This handsome sterling silver overlay bolo tie on braided leather with unique tapered tips by Vidal Aragon is a must-have accessory for anyone who cherishes the artists precious work. Known for inventing storyteller jewelry, this piece exhibits an intricate, symbolic composition and 14k gold sun on bolo and continuing the tale down to the expressive tips with swirl dangles. The stories spoken through his work depict representations of mother nature and Pueblo life. Hand carving these designs with a saw blade into a strip of silver he would then solder them over an oxidized underlay to bring illumination the imagery.
See artist bio and other works
1 3/4″ length of bolo
1 3/8″ width of bolo
39″ braided leather
In the United States, bolo ties are widely associated with Western wear and are generally most common in the western areas of the country. Bolo tie slides and tips in silver have been part of Hopi, Navajo, Zuni, and Puebloan silversmithing traditions since the mid-20th century.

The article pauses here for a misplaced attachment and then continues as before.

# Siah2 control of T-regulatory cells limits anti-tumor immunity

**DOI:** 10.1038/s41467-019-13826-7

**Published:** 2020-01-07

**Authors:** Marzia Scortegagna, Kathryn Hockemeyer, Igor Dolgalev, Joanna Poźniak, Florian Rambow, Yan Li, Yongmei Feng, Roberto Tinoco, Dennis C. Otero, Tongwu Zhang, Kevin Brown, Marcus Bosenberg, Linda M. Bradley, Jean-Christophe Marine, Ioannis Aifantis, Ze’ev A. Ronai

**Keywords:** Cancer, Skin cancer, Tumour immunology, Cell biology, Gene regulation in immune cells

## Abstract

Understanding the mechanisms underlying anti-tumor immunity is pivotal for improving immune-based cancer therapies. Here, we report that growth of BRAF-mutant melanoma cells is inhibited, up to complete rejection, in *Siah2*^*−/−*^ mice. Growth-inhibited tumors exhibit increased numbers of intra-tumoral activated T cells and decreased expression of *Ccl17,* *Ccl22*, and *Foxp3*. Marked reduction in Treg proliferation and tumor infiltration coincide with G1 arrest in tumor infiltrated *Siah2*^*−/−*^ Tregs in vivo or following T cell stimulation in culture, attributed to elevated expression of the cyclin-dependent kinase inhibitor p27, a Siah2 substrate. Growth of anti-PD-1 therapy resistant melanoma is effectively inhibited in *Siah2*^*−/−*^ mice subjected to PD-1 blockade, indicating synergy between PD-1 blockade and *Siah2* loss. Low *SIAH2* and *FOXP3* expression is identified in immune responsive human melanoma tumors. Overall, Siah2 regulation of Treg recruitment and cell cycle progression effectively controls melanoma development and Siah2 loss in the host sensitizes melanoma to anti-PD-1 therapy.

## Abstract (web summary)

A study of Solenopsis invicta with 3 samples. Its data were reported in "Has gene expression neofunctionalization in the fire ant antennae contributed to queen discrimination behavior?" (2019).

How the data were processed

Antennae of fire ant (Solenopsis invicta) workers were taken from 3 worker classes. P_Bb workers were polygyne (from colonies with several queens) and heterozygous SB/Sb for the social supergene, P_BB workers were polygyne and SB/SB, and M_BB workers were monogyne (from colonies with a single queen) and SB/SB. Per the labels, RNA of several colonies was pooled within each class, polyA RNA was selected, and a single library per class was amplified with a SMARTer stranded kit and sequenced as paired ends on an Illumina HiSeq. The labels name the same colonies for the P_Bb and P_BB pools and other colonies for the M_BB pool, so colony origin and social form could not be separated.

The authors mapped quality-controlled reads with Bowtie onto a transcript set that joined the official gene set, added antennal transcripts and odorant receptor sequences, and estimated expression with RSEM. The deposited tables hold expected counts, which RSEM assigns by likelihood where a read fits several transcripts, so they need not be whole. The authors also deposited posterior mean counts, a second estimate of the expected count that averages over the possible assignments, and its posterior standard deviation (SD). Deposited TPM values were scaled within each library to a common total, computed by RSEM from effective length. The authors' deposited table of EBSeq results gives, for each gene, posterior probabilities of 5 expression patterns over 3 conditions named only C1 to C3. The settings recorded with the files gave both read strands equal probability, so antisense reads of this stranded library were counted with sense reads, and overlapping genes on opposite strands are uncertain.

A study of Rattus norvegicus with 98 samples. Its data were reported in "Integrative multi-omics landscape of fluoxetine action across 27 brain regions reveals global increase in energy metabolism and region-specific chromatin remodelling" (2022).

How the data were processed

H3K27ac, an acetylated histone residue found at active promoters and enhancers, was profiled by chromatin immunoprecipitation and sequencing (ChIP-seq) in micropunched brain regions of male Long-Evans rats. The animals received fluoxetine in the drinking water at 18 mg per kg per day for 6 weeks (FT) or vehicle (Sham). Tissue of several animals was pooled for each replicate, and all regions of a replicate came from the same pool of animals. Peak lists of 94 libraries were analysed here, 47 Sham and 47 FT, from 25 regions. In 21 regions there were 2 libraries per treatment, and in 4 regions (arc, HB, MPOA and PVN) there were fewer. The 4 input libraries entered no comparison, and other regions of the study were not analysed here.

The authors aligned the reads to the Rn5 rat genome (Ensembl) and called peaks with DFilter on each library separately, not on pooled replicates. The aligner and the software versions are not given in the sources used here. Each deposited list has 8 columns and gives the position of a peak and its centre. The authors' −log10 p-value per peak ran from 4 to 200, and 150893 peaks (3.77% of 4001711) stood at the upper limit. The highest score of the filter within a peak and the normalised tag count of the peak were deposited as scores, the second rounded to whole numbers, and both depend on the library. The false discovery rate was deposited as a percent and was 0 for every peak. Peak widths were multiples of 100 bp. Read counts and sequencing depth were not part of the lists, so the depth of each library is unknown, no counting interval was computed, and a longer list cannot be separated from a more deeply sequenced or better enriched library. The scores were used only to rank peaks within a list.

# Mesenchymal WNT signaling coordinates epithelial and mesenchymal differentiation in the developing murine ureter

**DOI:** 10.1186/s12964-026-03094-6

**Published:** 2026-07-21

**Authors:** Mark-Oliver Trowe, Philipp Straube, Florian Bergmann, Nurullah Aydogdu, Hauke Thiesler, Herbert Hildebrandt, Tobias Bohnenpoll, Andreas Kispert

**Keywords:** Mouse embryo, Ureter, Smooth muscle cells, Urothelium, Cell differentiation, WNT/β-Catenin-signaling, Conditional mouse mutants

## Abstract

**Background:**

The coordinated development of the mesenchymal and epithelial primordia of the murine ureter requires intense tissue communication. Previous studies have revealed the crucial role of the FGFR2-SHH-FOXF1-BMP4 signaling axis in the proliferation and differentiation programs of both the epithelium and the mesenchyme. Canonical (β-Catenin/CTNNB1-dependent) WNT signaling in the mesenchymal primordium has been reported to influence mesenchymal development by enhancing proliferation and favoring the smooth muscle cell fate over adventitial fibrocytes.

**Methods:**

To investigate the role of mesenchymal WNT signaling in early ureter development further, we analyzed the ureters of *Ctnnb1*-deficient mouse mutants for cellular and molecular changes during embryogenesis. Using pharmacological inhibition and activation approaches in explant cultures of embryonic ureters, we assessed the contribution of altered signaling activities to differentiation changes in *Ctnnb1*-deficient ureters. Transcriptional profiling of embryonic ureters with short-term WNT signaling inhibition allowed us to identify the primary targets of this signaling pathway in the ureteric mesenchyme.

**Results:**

Navajo jewelry on a bolo tie The bolo tie was made the official neckwear of Arizona in 1971. New Mexico passed a non-binding measure to designate the bolo as the state’s official neckwear in 1987. On March 13, 2007, New Mexico Governor Bill Richardson signed into law that the bolo tie was the state’s official tie. Also in 2007, the bolo tie was named the official tie of Texas.
In the United Kingdom, bolo ties are known as bootlace ties. They were popular with 1950s Teddy Boys, who wore them with drape suits.
Bolo ties became fashionable in the 1980s with rockabilly revivalists and new wavers. The bolo tie returned as a popular fashion accessory in the fall of 1988 when male Hollywood stars[example needed] would be frequently found wearing them. Chain stores like Jeanswest and Merry-Go-Round sold multiple choices for all occasions.
During the 1980s and 1990s bolo ties, some elegant and expensive, were sold in Japan, Korea, and China. Some had fancy, hand-made cords and unusual tips. Sales overseas skyrocketed post-1970s; this was due to the overflow from the United States, where it had fallen out of fashion in the 1980s.
During the 2013 NFL season, San Diego Chargers quarterback Philip Rivers captured media attention for his frequent use of bolo ties. He was noted wearing it again after defeating the Cincinnati Bengals in the 2013–14 NFL playoffs.